GPS. Global Positioning Satellites. Receiver unit. Communicates with 4 satellites. Trigonometrically determines position. Information available. Location, velocity, acceleration, elevation.
Use in Sport. Popular in team-based field sports. AFL worldwide leader. Cricket, Hockey, Rugby League and Union. Recent addition to sport. Low cost and portable. Referred to as ‘Bros.’ Evolved to be suitable for competition and training. Receiver size and athlete comfort. Force absorption and strength.
Current Research. Research is currently in infancy stages. Lacks quantity. Differing analysis methods. Willingness to share data. Yet to fully unlock the information. Data interpretation. Application to training and competition. GPS is the future of sports coaching and exercise science.
Accuracy. Inconsistent findings in literature. Research methods and techniques. Positive findings. Accurate for maximal velocity*. Accuracy improves with duration and distance. Negative findings. Circular paths and non-linear movement cause underestimation. Accuracy decreases with increasing velocity*. Challenging to draw conclusions. *different studies
AFL Average distance covered in match 12km for all players. Midfield players have additional requirements. 3.4% greater distance travelled. 4.8% lower playing time. 17% greater exertion index. Decline in exertion index of 11% from 1st to 4th quarter. Individualized training. Wisbey B, et al. Quantifying movement demands of AFL football using GPS tracking. J Sci Med Sport (2009), doi:10.1016/j.jsams.2009.09.002
Rugby Union Average distance covered per match is 6.9km. 2.8km (37%) – Standing and Walking. 1.9km (27%) – Jogging. 0.4km (6%) – Sprinting. Backs do more high intensity work, greater recovery. Forwards contact not included. Forwards have higher total movement. Greater distance covered in 2nd half. Specifically third quarter of match. Fatigue relevance. CUNNIFFE, B., PROCTOR, W., BAKER, J. S. & DAVIES, B. 2009. An evaluation of the physiological demands of elite rugby union using global positioning system tracking software. The Journal of Strength & Conditioning Research, 23, 1195-1203.
Practical Applications. Training specificity. Sport. Positional. Tactical. Performance analysis. KPI’s Work rate. Data and evaluation.
Data Analysis Considerations. Competition and training specificity. Speed zones and distances. Data analysis methods. Decision-making and conclusions. Further evidence and other information sources.
Further Research. Accuracy and validity of GPS units. Technical evolution. Sport-specific data analysis. Factors: equipment, environment, gender. Defining relationship between data and performance. Correlation and causation.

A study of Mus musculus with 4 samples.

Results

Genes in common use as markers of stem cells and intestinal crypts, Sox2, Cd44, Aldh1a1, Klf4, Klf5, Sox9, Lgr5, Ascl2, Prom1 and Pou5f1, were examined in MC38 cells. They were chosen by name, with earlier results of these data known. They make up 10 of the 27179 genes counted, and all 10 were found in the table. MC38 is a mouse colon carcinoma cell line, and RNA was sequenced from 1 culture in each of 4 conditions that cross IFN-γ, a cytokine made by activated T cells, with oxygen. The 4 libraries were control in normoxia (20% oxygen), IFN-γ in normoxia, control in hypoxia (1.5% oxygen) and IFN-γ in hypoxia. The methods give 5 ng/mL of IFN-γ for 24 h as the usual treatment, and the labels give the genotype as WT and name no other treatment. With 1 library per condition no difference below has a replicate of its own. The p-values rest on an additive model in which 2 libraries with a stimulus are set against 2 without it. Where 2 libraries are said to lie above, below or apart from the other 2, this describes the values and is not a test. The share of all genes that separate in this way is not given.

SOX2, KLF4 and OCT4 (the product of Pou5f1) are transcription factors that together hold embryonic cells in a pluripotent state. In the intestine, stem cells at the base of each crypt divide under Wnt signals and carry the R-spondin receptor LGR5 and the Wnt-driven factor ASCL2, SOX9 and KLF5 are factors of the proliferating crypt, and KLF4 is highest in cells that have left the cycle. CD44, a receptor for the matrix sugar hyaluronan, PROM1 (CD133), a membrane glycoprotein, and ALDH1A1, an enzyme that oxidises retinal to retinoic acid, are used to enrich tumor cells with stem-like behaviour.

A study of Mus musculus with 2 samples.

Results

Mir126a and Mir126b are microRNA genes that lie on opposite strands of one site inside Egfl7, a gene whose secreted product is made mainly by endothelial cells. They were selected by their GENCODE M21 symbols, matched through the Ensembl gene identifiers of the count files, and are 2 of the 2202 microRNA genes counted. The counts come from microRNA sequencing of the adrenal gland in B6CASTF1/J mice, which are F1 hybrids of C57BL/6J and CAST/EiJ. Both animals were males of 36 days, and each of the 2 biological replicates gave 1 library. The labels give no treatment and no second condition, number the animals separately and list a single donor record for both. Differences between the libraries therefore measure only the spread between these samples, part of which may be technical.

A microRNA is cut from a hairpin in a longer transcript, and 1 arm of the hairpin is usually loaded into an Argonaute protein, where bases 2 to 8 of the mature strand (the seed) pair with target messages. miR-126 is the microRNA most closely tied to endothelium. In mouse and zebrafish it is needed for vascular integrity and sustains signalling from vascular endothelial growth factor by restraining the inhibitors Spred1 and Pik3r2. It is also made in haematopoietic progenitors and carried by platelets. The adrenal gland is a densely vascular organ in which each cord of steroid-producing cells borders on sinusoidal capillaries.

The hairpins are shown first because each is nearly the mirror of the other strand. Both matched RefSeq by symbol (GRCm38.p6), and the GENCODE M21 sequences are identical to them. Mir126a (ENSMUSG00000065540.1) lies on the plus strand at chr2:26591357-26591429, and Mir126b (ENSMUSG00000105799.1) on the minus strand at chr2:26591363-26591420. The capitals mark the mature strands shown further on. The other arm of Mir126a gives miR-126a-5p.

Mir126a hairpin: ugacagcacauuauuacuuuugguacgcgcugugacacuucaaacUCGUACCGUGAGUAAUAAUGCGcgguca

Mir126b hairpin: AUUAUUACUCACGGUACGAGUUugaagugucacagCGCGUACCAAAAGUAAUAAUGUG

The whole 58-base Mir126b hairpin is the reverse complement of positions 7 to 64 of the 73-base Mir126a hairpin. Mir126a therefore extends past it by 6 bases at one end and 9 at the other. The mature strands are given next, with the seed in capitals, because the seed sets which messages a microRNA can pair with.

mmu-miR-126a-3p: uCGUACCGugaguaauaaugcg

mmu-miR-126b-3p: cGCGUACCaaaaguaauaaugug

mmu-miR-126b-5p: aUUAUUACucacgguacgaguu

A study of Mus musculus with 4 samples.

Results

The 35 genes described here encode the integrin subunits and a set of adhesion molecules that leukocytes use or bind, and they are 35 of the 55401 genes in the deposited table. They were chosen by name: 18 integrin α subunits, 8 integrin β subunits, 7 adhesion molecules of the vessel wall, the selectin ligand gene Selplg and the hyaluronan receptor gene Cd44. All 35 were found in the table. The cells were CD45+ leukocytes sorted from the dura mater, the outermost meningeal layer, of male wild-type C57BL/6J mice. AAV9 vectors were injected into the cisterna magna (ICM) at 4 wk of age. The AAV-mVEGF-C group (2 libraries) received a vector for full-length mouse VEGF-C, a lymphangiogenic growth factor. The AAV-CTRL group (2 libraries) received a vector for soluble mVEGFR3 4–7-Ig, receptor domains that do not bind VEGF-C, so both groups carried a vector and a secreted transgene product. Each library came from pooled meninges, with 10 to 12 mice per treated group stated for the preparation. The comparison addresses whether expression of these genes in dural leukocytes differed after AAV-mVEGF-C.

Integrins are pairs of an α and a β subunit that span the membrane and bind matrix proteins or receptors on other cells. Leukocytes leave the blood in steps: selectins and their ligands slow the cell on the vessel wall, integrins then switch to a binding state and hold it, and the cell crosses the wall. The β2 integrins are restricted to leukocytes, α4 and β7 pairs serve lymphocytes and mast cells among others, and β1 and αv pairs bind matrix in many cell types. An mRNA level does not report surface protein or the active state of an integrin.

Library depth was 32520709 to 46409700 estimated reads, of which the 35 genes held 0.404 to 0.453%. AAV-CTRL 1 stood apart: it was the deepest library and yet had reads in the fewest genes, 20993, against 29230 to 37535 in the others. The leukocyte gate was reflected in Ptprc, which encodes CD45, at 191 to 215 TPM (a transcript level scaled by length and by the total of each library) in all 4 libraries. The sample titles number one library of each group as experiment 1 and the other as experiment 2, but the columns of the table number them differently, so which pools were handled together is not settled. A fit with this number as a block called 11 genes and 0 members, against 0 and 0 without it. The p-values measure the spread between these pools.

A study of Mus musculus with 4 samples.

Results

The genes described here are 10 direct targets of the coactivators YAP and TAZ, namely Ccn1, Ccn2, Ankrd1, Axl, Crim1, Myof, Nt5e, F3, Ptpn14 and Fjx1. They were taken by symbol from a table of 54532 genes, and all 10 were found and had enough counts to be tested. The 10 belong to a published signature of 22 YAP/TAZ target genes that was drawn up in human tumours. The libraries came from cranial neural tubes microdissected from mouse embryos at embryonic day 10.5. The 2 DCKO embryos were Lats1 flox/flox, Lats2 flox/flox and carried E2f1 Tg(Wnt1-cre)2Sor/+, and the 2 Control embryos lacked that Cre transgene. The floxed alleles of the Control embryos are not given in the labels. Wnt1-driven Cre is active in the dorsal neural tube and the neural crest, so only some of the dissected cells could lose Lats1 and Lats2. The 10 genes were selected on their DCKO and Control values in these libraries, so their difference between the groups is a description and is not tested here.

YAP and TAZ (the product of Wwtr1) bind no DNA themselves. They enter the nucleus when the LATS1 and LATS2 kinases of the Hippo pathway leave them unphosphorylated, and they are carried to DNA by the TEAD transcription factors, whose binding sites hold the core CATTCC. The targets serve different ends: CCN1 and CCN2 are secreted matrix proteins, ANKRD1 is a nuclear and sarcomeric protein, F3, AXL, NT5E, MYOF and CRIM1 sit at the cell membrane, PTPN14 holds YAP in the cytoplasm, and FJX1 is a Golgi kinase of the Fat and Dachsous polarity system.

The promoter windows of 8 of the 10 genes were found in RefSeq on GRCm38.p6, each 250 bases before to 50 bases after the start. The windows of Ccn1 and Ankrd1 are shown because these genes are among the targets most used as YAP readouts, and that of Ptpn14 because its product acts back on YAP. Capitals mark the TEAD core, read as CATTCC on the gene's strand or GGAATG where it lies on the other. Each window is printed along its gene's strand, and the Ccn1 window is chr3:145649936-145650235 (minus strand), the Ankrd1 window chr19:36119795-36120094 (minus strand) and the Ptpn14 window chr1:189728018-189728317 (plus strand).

Conclusion GPS data is a valuable coaching tool. Yet to realise full potential. Further research required. Consistency within data analysis important. Important role for GPS in the sports coaching future.
Discussion. What is the future of GPS technology? Is modern-day sport too data-orientated? As a coach, how would you use GPS? Please continue the discussion with me online. Twitter: @fitzcity or use the hashtags #sportGPSfuture #SpCP13 http://fitzcity.wordpress.com/
Literature References. AUGHEY, R. J. 2011. Applications of GPS technologies to field sports. Int J Sports Physiol Perform, 6, 295-310. BARBERO-ÁLVAREZ, J. C., COUTTS, A., GRANDA, J., BARBERO-ÁLVAREZ, V. & CASTAGNA, C. 2010. The validity and reliability of a global positioning satellite system device to assess speed and repeated sprint ability (RSA) in athletes. Journal of Science and Medicine in Sport, 13, 232-235. CUNNIFFE, B., PROCTOR, W., BAKER, J. S. & DAVIES, B. 2009. An evaluation of the physiological demands of elite rugby union using global positioning system tracking software. The Journal of Strength & Conditioning Research, 23, 1195-1203. DUFFIELD, R., REID, M., BAKER, J. & SPRATFORD, W. 2010. Accuracy and reliability of GPS devices for measurement of movement patterns in confined spaces for court-based sports. Journal of Science and Medicine in Sport, 13, 523-525. DWYER, D. B. & GABBETT, T. J. 2012. Global positioning system data analysis: Velocity ranges and a new definition of sprinting for field sport athletes. The Journal of Strength & Conditioning Research, 26, 818-824. GABBETT, T. J., JENKINS, D. G. & ABERNETHY, B. 2012. Physical demands of professional rugby league training and competition using microtechnology. Journal of Science and Medicine in Sport, 15, 80-86.
Literature References. LACHAPELLE, G., MORRISON, A. & ONG, R. Ultra-precise positioning for sport applications. proceedings of 13th IAIN world congress, Stockholm, 2009. 27-30. LARSSON, P. 2003. Global positioning system and sport-specific testing. Sports Medicine, 33, 1093-1101. VENTER, R. E., OPPERMAN, E. & OPPERMAN, S. 2011. The use of global positioning system (GPS) tracking devices to assess movement demands and impacts in under-19 rugby union match play. African Journal for Physical, Health Education, Recreation and Dance, 17, 1-8. WISBEY, B., MONTGOMERY, P. G., PYNE, D. B. & RATTRAY, B. 2010. Quantifying movement demands of AFL football using GPS tracking. Journal of Science and Medicine in Sport, 13, 531-536.